Brooks Jensen Arts

Every Picture Is a Compromise

Lessons from the Also-rans

Most photography websites show the photographer's very best work. Wonderful. But that's not the full story of a creative life. If we want to learn, we'd better pay attention to the images that aren't "greatest hits" and see what lessons they have to offer. Every picture is a compromise — the sum of its parts, optical, technical, visual, emotional, and even cosmic – well, maybe not cosmic, but sometimes spiritual. Success on all fronts is rare. It's ok to learn from those that are not our best.

This is a series about my also-rans, some of which I've been able to improve at bit (i.e., "best effort"), none of which I would consider my best. With each there are lessons worth sharing, so I will.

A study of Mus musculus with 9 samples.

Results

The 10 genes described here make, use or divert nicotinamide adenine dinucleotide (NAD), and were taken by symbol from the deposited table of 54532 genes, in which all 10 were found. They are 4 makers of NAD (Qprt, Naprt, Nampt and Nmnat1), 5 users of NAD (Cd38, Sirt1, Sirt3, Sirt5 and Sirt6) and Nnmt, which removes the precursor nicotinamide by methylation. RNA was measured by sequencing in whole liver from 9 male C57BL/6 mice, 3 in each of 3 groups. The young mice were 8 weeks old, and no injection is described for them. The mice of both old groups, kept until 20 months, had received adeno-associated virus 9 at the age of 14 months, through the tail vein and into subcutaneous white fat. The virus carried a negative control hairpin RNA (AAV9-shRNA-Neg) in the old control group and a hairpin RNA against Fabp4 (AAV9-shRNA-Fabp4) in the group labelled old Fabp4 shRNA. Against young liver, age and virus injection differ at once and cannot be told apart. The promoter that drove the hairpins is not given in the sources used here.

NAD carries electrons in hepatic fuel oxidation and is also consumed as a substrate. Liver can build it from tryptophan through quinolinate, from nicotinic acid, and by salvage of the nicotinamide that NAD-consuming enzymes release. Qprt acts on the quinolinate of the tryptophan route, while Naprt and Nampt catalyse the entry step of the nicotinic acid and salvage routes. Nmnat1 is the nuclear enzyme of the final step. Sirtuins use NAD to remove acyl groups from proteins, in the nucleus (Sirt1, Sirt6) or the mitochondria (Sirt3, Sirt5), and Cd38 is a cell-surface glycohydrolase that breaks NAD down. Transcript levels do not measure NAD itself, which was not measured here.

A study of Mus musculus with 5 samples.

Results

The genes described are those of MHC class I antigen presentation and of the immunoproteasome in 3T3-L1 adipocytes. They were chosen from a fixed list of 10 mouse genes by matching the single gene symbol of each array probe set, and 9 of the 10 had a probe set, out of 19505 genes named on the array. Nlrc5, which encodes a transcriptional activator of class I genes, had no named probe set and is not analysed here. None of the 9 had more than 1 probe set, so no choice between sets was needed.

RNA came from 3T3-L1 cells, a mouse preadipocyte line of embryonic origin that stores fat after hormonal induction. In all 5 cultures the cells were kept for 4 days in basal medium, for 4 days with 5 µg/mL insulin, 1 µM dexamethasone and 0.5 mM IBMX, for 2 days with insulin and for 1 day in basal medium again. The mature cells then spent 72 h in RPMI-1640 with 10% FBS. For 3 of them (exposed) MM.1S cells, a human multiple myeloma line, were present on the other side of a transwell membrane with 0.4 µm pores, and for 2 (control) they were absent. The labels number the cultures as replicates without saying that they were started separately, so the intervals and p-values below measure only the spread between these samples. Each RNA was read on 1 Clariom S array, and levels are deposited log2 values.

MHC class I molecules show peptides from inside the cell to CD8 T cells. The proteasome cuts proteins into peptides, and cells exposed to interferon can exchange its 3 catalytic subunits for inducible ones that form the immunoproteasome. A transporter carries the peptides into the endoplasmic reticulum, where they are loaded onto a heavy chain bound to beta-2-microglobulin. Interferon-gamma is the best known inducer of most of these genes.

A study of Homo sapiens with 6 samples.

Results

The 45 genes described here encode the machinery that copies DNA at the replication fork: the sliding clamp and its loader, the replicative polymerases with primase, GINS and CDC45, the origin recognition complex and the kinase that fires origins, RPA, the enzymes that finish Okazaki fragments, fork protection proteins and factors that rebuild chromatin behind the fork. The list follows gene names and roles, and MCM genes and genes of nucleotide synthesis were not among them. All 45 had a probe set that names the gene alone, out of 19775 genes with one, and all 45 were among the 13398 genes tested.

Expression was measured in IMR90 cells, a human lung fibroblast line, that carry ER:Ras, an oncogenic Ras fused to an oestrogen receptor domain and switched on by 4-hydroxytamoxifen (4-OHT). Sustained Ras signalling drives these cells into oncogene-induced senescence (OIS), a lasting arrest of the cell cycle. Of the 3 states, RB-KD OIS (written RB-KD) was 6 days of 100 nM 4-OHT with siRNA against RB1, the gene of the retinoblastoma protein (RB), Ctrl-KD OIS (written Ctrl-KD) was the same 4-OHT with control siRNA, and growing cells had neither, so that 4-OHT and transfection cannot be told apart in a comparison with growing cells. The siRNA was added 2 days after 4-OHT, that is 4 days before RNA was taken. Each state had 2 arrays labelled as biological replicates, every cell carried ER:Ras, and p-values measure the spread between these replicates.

So many times the success of a landscape is actually a function of the sky. It would be odd to call them "skyscapes," but we can think of them that way and very probably improve our photographs. This week, we'll look at sky failures.


What I saw that I liked:

I love to explore the relationships and contrast of objects rooted in tierra firma to the roiling clouds overhead. Often this involves bare trees.

What I don't like in the picture:

In the above image, I remember carefully lining up the main tree trunk in the lower left to be parallel with the edge of the frame. Now that I see the image here, I think that rectilinearity doesn't help the photograph — in fact, it makes the diagonal branch seem wrong.

What I learned:

Compare the above to the Dutch angle used in the image at left. That line between the dark and bright cloud in the lower left is the horizon line, but by composing this to an angle, it make the leaning tree fill the frame. Rectifying the horizon is not always the answer that magnifies the emotion.

2nd Chances: What I might try next

With a little work, I can smooth out some of that blotchiness in the sky.